End-Of-Summer -- Blowups -- `Father Hood,' `Wilder Napalm' Ho-Hum Just Like Dog Days Of Summer

Movie review

X 1/2 "Father Hood," with Patrick Swayze, Halle Berry, Brian Bonsall and Sabrina Lloyd. Directed by Darrell James Roodt, from a screenplay by Scott Spencer. Aurora, Alderwood, Broadway Market, Everett 9, Renton Village 8, Totem Lake, Seatac Mall, Valley drive-in."PG-13" - Parental guidance strongly suggested because of profanity. -------------------------------------------------------------------

Because "Father Hood" bears a superficial resemblance to the current hit "The Fugitive," this ill-conceived attempt to combine heartwarming family values with an outlaw action-on-the-road movie provides an interesting opportunity to see how similar plots can be diametrically opposed on the scale of intelligence.

There is not one significant credibility gap to be found in "The Fugitive," while this would-be comedy offers a virtual stampede of idiocies, convenient plot shortcuts and enough ridiculous behavior to qualify every character for psychiatric evaluation. That the film manages to maintain a degree of sincerity is quite an achievement, and one that can only be accounted to dumb luck.

Giving a peripatetic performance that makes him look like he's struggling with a bursting bladder, Patrick Swayze plays Jack, a small-time Los Angeles hood who's really a stand-up guy because he only steals from drug dealers. But that's not good enough to gain him custody of his teenage daughter Kelly (Sabrina Lloyd) and 7-year-old son Eddie (Brian Bonsall). He's been a lousy dad, and they've wound up in abusive foster homes.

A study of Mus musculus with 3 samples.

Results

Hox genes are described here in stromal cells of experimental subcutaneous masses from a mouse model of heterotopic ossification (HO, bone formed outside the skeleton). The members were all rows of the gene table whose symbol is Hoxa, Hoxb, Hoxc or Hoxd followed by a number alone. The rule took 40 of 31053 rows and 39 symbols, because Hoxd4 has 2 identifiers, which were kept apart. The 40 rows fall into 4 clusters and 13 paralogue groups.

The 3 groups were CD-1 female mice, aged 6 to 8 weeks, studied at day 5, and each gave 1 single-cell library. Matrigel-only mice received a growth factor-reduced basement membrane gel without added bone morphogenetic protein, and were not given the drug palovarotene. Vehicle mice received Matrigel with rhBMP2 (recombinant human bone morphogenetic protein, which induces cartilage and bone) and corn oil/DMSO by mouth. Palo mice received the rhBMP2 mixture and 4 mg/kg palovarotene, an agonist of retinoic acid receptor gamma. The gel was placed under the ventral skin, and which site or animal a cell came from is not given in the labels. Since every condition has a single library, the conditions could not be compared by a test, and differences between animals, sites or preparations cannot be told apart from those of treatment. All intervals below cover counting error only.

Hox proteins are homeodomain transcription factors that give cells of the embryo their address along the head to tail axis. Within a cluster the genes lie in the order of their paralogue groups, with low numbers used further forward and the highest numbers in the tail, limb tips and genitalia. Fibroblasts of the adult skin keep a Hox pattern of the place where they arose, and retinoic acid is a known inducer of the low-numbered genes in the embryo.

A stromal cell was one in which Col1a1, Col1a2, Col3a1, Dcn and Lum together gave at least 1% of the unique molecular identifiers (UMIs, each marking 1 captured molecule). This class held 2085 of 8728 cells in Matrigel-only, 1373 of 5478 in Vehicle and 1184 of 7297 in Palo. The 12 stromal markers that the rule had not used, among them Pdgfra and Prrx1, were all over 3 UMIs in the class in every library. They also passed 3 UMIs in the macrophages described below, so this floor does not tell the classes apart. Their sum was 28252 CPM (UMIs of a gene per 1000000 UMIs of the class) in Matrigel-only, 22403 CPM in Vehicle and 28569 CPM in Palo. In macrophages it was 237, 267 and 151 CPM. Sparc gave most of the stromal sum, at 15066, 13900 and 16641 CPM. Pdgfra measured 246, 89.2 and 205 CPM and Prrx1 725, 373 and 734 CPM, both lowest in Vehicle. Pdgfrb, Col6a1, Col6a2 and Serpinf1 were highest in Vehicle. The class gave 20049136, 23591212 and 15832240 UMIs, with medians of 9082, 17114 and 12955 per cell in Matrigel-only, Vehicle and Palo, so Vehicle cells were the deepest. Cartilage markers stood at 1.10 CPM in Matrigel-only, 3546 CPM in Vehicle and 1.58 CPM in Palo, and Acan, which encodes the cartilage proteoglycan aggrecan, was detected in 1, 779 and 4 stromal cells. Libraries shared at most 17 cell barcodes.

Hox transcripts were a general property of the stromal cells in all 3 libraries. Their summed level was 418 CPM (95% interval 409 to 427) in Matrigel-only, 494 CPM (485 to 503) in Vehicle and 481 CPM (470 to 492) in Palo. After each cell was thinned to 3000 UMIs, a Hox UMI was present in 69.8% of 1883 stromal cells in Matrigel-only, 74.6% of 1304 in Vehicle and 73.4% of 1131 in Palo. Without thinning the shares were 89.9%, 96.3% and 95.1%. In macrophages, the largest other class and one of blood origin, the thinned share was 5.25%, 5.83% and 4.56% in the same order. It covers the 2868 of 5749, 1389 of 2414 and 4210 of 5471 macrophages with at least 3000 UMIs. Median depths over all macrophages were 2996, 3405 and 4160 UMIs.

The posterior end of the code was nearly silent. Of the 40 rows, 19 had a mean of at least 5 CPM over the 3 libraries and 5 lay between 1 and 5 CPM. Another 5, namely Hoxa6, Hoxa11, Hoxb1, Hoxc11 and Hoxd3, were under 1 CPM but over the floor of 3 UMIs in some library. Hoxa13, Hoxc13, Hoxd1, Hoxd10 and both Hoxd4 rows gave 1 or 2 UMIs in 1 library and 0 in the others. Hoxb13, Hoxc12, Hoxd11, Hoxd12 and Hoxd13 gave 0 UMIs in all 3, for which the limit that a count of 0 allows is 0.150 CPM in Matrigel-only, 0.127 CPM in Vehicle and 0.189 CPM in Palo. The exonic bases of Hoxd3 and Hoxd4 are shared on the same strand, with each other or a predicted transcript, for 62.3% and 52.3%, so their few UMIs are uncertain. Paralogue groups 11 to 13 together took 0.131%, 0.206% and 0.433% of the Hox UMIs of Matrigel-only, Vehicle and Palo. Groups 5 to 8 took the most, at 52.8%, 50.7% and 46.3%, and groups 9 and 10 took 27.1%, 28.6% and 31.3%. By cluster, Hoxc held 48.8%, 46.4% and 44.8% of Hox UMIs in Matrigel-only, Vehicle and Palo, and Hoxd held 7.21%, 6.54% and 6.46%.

That is, until Kelly escapes from the prisonlike Bigelow Hall and tracks Jack down just as he's leaving for Las Vegas to pull one last big rip-off. After Kelly insists that Eddie be sprung from the same facility, Jack finds himself the unwilling custodian of his two estranged kids, and begins a lawless cross-country chase involving an L.A. reporter (Halle Berry) who needs Jack's help to expose corruption in the foster-care system, and a multistate army of buffoonish cops who couldn't find a Ping-Pong ball on a square foot of black velvet.

This is the kind of movie in which one character spends two scenes inexplicably playing with a flashlight for the simple reason that a later scene will require the flashlight in a darkened cave. Likewise, you can count on a dimwit boat owner to launch his gorgeous cruiser with the keys in the ignition, because that allows Swayze to dash off with the boat while the surprised owner keeps a firm grip on the mooring line and is yanked off the dock for a bit of ancient slapstick.

It's all quite flat and uninspired, in keeping with the policy of Disney's Hollwood Pictures division, which mandates the avoidance of authenticity and freshness at all costs. A list of Hollywood Pictures from the past few years represents a numbing roll call of mediocrity, of which "Father Hood" is the latest installment.

The film does bounce along nicely to a rockabilly soundtrack, and young Sabrina Lloyd has a maturity and presence which suggest a better film that might have sprung from Scott Spencer's script. But it's too little, too late, and despite its best intentions, "Father Hood" is destined to become leftovers in the video store.